Johnson & Johnson: Vaccine Tests To Begin in September

Posted: Mar 30, 2020 12:15 PM
Johnson & Johnson: Vaccine Tests To Begin in September

Source: AP Photo/Matt Rourke

The Wuhan Coronavirus continues to deliver its punishment to the nation, as more cases and deaths are reported. Maryland issued a stay-at-home order today, barring anyone from leaving their home except for essential trips like grocery store trips or for medical assistance. Wuhan cases have soared to 142,o00 in the United States, with over 2,000 deaths reported from the disease. Over half of these cases come from in New York City. It’s an odd disease in which a lot of the population can have either mild symptoms or be asymptomatic but could spread it to someone who could die from it, like the elderly or the immunocompromised. 

And young people can still get gravely ill and possible die from the Wuhan virus—many have already. But there are two bits of good news. One is that this disease is expected to have a high recovery rate. The other is that we should have vaccine tests. Now, the bad news is that trials from Johnson & Johnson won’t be ready until September (via Reuters):

Johnson & Johnson (JNJ.N) plans to start human testing of its experimental coronavirus vaccine by September and make it ready for emergency use in early 2021, the drugmaker said on Monday.

J&J also committed more than $1 billion of investment along with U.S. agency Biomedical Advanced Research and Development Authority (BARDA) to co-fund vaccine research, expanding a previous collaboration.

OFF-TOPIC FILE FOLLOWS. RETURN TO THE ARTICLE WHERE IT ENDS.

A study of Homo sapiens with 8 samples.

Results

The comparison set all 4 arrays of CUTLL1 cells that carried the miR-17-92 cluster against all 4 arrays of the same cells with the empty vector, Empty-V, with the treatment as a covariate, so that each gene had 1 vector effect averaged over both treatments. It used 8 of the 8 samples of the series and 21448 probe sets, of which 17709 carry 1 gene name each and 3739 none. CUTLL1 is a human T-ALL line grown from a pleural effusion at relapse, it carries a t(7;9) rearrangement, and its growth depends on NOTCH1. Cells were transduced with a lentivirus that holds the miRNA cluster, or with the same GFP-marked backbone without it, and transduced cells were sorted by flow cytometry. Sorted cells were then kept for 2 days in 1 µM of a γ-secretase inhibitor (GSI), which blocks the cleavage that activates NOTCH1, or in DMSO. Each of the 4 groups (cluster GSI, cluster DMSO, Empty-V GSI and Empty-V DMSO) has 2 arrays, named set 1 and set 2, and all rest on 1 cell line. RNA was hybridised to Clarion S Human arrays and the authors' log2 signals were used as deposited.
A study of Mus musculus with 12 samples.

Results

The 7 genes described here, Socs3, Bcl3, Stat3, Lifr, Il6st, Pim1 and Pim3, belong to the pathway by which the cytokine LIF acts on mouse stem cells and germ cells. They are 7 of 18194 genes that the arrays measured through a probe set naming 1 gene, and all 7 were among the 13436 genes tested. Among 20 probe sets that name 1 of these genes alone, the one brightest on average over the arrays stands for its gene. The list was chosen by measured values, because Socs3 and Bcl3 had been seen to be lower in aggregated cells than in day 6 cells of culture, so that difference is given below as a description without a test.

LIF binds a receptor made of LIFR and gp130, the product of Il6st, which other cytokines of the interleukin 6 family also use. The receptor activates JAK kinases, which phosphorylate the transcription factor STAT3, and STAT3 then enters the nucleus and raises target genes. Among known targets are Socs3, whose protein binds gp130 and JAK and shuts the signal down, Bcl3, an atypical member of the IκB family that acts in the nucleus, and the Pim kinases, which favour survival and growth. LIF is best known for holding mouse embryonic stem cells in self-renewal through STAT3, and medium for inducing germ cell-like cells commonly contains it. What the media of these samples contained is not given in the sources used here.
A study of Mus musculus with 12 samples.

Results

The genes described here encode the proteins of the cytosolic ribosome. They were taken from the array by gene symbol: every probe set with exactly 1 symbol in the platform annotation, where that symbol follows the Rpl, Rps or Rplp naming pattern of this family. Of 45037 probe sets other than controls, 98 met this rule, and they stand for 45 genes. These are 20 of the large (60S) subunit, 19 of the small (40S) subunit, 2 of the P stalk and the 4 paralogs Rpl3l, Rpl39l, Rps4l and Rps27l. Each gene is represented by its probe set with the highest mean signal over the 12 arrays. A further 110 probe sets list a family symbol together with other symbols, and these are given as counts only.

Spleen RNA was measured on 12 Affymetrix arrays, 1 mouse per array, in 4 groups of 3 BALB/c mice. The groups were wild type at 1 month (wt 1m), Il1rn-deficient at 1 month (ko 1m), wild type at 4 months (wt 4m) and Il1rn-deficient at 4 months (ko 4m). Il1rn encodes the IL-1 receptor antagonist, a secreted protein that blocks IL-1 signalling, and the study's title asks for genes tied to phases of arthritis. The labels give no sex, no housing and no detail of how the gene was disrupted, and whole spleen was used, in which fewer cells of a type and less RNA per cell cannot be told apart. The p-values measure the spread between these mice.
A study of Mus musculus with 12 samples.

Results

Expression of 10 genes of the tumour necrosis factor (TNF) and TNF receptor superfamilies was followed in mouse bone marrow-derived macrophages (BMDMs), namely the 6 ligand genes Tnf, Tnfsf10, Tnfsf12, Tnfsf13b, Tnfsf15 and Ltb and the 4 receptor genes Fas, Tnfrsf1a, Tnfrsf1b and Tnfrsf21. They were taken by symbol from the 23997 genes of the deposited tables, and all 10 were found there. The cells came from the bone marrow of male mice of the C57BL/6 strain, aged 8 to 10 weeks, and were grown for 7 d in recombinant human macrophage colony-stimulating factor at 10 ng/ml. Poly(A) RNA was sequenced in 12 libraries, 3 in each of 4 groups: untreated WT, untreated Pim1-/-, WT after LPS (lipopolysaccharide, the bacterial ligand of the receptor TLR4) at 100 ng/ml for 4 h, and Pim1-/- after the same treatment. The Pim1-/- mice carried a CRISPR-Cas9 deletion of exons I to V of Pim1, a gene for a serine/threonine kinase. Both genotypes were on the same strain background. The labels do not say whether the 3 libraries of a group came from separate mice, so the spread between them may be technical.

The hope is that the hydroxychloroquine regiment serves as a stopgap for this vaccine. It’s an anti-malarial drug that’s said to be effective in against the Wuhan virus (via WSJ):

Physicians are using two drugs in combination—hydroxychloroquine and azithromycin, which I’ll abbreviate HC and AZ—to treat patients with advanced Covid-19 symptoms. We use a regimen reported in a recent open-label trial in Marseille, France, which was updated March 26, and which doctors may modify in any given case.


For HC, two bodies of evidence support its potential in treating Covid-19: in vitro (test tube) studies and initial clinical reports from the field. After the 2002-03 global outbreak of SARS, a coronavirus related to the one that causes Covid-19, an in vitro study conducted by doctors from the Centers for Disease Control and Prevention identified chloroquine (a relative of HC) as an attractive option for prevention and treatment. If added before the virus was introduced, the drug was highly effective in preventing cellular infection. Even later application markedly inhibited infection. Another contemporaneous study showed similar results.

Let’s pray something regarding treatment is approved soon.